This is what the proposed H-1B visa reform means for Indian service providers and workers

H-1B visa reform is still highly probable, as President Trump wants change. If new legislation were enacted, it would cause significant issues for several stakeholder groups, but there will be winners and losers.

Moneycontrol News @moneycontrolcom

Peter Bendor-Samuel

Everest Group

A lot of talk in the US Congress and by President Trump evolved over the past three years as to how they wanted to change the H-1B legislation, but it was not a high priority for either political party. The priority changed recently, gaining momentum toward enacting legislation that would include ending visa extensions. This week brought an announcement that the current policy on visa extensions is not ending. So, the sky is not falling. Even so, H-1B visa reform is still highly probable, as President Trump wants change. If new legislation were enacted, it would cause significant issues for several stakeholder groups, but there will be winners and losers. Here’s an overview of the impacts.

The Momentum Driver

What bumped the proposed legislation up to a top priority? There is now a bipartisan effort in Congress to narrow the immigration focus away from all the contentious political issues. H-1B visa reform is a narrow space where there is agreement between both parties. The US is also moving into a mid-term election year, and both parties want to tout at least one bipartisan accomplishment to show they can govern together. So, there is now a high probability of passing H-1B reform.

Implications for Stakeholder Groups

The implications of the proposed legislation differ among three stakeholder groups: India’s H-1B workers, India’s service provider firms, and US companies.

Indian workers

The legislation is not aimed at Indian workers, and I believe the results would not be to the detriment of most individual Indians working in the US or seeking to work in the US. They would enjoy higher wages and do more interesting work because of the legislation.

However, there would likely be some complications for the workers that would be at the end of their H-1B cycle and had not yet successfully transitioned to green cards. There is currently an increasing backlog for processing green cards; if the backlog still exists when legislation is enacted, there would be a negative impact on those workers in that they might need to temporarily leave the US before transitioning to green cards. The H-1B program was designed as a temporary vehicle for workers to transition to a green card if they want to stay in the US, and the legislation would not change that intent.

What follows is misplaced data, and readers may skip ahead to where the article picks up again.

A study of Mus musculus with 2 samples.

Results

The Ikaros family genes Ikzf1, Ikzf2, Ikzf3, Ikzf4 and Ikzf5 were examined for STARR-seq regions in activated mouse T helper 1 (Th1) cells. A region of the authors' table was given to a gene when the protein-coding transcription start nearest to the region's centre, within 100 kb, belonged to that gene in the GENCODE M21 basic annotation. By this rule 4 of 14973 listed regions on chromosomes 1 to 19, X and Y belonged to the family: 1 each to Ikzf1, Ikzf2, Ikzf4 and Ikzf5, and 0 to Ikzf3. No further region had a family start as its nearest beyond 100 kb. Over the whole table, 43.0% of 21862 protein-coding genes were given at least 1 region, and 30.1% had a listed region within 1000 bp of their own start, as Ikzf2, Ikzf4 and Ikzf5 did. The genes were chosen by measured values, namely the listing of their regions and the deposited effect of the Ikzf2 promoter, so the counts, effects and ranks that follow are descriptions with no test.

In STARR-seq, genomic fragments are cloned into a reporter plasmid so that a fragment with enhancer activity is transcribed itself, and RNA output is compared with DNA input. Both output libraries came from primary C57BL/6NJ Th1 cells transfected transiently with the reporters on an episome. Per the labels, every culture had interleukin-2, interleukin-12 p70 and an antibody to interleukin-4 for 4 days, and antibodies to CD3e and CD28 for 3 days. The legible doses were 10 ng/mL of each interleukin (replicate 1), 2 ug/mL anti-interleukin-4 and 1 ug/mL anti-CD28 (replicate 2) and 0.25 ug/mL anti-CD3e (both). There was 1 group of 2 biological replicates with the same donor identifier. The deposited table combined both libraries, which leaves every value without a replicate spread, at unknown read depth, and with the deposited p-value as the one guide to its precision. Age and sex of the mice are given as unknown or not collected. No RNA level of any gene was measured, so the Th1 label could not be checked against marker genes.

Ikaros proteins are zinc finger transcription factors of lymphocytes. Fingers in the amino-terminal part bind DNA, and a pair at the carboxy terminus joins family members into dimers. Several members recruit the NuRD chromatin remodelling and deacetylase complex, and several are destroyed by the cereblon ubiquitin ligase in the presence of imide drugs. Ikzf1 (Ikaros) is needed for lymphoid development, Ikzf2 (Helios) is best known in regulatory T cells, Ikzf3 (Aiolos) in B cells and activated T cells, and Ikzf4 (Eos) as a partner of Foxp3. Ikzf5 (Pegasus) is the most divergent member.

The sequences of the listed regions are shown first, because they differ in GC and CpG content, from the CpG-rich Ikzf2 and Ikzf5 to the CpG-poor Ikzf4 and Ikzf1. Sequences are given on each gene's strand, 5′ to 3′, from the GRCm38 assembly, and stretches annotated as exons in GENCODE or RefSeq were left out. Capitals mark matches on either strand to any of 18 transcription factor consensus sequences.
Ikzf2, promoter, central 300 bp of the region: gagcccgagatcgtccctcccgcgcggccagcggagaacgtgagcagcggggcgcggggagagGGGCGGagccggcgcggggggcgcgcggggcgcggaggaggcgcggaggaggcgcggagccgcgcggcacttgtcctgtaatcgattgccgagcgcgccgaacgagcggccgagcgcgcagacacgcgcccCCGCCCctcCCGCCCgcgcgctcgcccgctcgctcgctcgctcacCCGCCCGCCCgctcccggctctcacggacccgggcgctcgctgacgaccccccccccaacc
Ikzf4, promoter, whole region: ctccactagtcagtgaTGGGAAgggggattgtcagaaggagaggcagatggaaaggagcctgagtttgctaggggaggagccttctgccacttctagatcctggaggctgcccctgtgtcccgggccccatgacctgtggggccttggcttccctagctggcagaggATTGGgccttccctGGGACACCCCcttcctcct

Indian Service Providers

The specific target of H-1B visa reform is the Indian service providers successfully and lawfully using the visa lottery system as part of their H-1B visas to create a competitive advantage in the US labor market. The legislation would increase their H-1B visa cost. The increased cost would inevitably put additional pressure on their margins at a time when they already have downward pricing pressure, rupee appreciation and margin pressures due to the maturing of the labor arbitrage model.

However, the Indian service providers are still in – and will maintain – the envious position of being the most profitable service providers in the marketplace. This legislation alone would not challenge their relative profitability, but it would bring their absolute profitability down.

US Companies

The current bipartisan effort at reform attempts to reallocate H-1B visas from the Indian service providers to the broader US economy. However, India’s H-1B workers are highly valuable to the US. As the loss of these workers starts to bite companies, I believe we would see increasing political pressure (to allocate more resources to process green cards, for example), as the US would want to retain that talent.

Indian Diaspora Perspective

From an Indian diaspora perspective, the legislation would not result in total loss to India. Quite frankly, India as a nation might come out better because of such legislation. Service provider firms would not be better off, and the late-tenure H-1B workers would have risk if green card backlogs still exist at the time legislation is enacted. But India has the largest, deepest talent pool and the most qualified workers. The US will continue to want this talent, and more Indians would be able to work for higher wages under the proposed legislation.